In Memoriam, 2011
In 2011, the toy industry lost an icon when Elliot Handler, founder of Mattel, Inc., the world’s largest toy company and well-known as the creator of the Hot Wheels® mega-brand, died at the age of 95.
With his wife Ruth Handler by his side, Elliot created a home-based business which transformed the largest global toy company, with a rich portfolio of popular brands beloved by generations of children, including Hot Wheels, Barbie, Fisher-Price, and American Girl.
The Handlers started Mattel Creations in 1945 with Harold “Matt” Matson, whose name was fused with Elliot’s to form “Mattel.” Originally a small business enterprise headquartered in the Handlers’ garage in suburban Los Angeles, Calif., the company launched with three pieces of shop equipment purchased on installment from Sears.
The first Mattel products produced from that location were picture frames and dollhouse furniture made from picture frame scraps.
Elliot’s product development talents were complemented by Ruth’s marketing savvy, and the company turned a profit in its very first year. The Uke-A-Doodle, a child-size ukelele, was the first in a line of musical toys that gave Mattel its first ‘staple’ business. After the Uke-A-Doodle introduction in 1947, Matson sold his share of the business.
The Handlers soon shifted the company’s emphasis to toys. A popular jack-in-the-box followed the Uke-A-Doodle, and by 1955, the company was valued at $500,000.
In 1955, a television series produced by The Walt Disney Company called the “Mickey Mouse Club” was set to debut, and Disney and ABC Television asked if Mattel would consider sponsoring a 15-minute segment. The drawback was that Mattel would be obligated to sponsor the program for one 52-week season, which would cost Mattel $500,000¾nearly its entire net worth. The campaign was a success, and annual sales grew from $5 million to $14 million in just three years.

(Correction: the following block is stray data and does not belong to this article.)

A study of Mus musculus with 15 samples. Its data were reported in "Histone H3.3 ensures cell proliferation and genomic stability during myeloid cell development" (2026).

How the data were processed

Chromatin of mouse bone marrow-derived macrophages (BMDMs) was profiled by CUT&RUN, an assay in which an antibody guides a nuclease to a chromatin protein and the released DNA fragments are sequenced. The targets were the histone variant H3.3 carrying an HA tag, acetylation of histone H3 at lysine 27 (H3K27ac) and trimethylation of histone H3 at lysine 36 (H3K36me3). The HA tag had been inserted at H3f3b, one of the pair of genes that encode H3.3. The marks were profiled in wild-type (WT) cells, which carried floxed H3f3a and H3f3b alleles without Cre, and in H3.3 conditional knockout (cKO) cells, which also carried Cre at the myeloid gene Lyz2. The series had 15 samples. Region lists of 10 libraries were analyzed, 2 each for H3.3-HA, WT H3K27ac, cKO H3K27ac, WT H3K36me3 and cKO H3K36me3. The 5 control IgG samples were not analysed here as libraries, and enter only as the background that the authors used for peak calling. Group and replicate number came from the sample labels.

Advertising was one of two key decisions that the Handlers made which transformed Mattel from a profitable business into an industry leader. The other key turning point was the invention and marketing of a three-dimensional doll through which little girls could act out their dreams of growing up. An instant sensation upon its introduction in 1959, Barbie has since grown into a multi-billion dollar brand.
In the late 1960s, Mattel was in search of a toy that would capture boys’ imaginations the way that Barbie did for girls. Elliot had an idea for miniature die-cast vehicles that would incorporate speed, power and performance, as well as cool car designs. Introduced in 1968, Hot Wheels were distinguished with customized designs and became a number-one selling toy brand.
Known as the “whiz kids of the toy industry,” the Handlers were renowned for inventing some of the world’s best-known toy brands. In 1973, Elliot was named Mattel’s Chairman of the Board, a position he would share with Ruth until 1975 when, after having helped nurture Mattel from a dollhouse furniture shop into a leading manufacturer, the Handlers left the company after more than 30 years. Elliot and Ruth became the first living inductees to the Toy Industry Hall of Fame in 1989.